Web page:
According to media reports on Sunday, a data leak from a major Swiss bank disclosed details on 600 accounts linked to 1400 Pakistani people.
According to data released from Credit Suisse, a Swiss investment banking institution, account holders include various senior politicians and generals, including the ex-ISI commander, General Akhtar Abdur Rahman Khan.
According to a New York Times investigation, Khan assisted in the distribution of billions of dollars in cash and other supplies from the United States and other nations to Afghan mujahedeen in support of their war against the Soviet Union.
According to the Dawn newspaper, Saudi Arabian and US money for mujahideen warriors fighting Russia’s presence in Afghanistan went through the American Central Intelligence Agency’s (CIA) Swiss bank account, citing an Organized Crime and Corruption Reporting Project (OCCRP) investigation.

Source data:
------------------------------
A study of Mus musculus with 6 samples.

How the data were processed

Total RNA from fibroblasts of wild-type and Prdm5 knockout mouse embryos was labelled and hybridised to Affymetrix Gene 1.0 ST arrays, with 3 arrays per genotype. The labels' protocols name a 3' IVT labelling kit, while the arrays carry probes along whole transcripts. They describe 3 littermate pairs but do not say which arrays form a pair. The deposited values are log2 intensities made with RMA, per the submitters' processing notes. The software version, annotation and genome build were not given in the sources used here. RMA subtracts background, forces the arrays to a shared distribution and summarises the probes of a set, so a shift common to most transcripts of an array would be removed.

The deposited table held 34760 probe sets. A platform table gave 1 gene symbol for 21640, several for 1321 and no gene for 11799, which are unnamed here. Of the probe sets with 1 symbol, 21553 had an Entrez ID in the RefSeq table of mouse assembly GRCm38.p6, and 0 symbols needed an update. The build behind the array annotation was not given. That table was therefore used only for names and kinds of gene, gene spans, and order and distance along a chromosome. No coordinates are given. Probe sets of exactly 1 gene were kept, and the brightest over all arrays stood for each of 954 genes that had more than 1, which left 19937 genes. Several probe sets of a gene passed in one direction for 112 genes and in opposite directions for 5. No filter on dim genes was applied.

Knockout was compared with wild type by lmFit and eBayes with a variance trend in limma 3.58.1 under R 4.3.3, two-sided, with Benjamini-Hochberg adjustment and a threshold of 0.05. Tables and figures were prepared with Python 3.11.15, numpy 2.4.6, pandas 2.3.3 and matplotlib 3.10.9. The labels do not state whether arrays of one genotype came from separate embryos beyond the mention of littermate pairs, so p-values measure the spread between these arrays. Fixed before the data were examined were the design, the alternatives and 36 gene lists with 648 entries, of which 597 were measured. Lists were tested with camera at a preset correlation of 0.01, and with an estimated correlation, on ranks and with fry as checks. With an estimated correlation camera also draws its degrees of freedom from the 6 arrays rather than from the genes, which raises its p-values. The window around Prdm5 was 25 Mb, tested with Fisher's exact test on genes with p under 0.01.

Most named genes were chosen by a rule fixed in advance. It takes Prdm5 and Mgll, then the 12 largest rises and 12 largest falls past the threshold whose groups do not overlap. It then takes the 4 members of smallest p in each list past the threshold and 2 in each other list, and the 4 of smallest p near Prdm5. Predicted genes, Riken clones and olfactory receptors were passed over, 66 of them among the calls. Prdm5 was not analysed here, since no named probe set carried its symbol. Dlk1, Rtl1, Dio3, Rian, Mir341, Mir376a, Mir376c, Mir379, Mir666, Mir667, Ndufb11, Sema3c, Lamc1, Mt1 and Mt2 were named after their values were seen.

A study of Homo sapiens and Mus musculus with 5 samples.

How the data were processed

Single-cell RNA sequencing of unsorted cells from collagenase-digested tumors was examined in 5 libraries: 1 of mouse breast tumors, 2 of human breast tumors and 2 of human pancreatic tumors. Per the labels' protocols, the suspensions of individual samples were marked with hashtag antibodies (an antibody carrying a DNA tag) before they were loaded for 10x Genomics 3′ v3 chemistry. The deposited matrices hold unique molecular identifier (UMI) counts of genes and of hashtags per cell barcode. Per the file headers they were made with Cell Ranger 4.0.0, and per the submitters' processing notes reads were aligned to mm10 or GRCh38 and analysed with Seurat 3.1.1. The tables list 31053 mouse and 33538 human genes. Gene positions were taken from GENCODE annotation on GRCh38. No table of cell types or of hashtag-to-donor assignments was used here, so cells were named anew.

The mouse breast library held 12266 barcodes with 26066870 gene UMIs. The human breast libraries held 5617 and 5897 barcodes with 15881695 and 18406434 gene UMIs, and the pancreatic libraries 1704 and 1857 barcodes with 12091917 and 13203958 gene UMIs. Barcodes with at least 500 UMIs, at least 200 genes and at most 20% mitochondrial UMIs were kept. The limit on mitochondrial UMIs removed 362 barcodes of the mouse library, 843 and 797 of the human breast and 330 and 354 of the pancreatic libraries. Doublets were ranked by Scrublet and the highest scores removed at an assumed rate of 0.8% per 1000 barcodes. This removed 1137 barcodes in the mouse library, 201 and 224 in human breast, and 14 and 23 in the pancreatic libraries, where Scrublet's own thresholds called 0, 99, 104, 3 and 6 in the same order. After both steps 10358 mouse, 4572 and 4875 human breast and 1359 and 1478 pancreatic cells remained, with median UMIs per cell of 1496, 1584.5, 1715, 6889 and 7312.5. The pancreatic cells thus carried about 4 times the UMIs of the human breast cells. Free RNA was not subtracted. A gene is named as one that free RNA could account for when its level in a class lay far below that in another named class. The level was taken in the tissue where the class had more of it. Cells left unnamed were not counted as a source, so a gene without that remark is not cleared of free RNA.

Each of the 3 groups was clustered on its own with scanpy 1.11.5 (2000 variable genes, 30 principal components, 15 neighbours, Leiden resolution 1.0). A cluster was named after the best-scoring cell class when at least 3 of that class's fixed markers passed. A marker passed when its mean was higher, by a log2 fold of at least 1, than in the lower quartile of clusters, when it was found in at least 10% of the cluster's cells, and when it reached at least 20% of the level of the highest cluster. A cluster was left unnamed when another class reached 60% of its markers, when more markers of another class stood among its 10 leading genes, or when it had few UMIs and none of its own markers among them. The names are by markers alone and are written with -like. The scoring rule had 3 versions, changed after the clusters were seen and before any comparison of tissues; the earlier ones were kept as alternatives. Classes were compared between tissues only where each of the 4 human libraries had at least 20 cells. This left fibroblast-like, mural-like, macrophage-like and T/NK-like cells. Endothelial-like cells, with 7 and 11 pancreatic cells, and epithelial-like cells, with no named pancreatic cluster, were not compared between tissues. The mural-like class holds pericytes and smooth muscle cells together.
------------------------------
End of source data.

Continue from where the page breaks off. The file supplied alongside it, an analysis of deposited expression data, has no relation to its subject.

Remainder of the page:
“The end recipient in the process was Pakistan’s Inter-Services Intelligence group (ISI), [at the time] led by Akhtar,” the journal quoted the investigation as saying. According to The News International newspaper, the average maximum balance in accounts held by Pakistanis was 4.42 million Swiss francs.
According to the Pakistani daily, some politically exposed individuals failed to disclose these accounts, which they created while holding public service, in their assets declaration given to the Election Commission of Pakistan.
The most recent leaks come after the so-called Panama Papers in 2016, the Paradise Papers in 2017, and the Pandora Papers last year. According to The New York Times, a self-described whistle blower revealed data on more than 18,000 bank accounts totalling more than $100 billion to the German daily Suddeutsche Zeitung.
Earlier this month, Transparency International placed Pakistan 140 out of 180 on its Corruption Perception Index (CPI) 2021, a 16-spot drop from the previous year.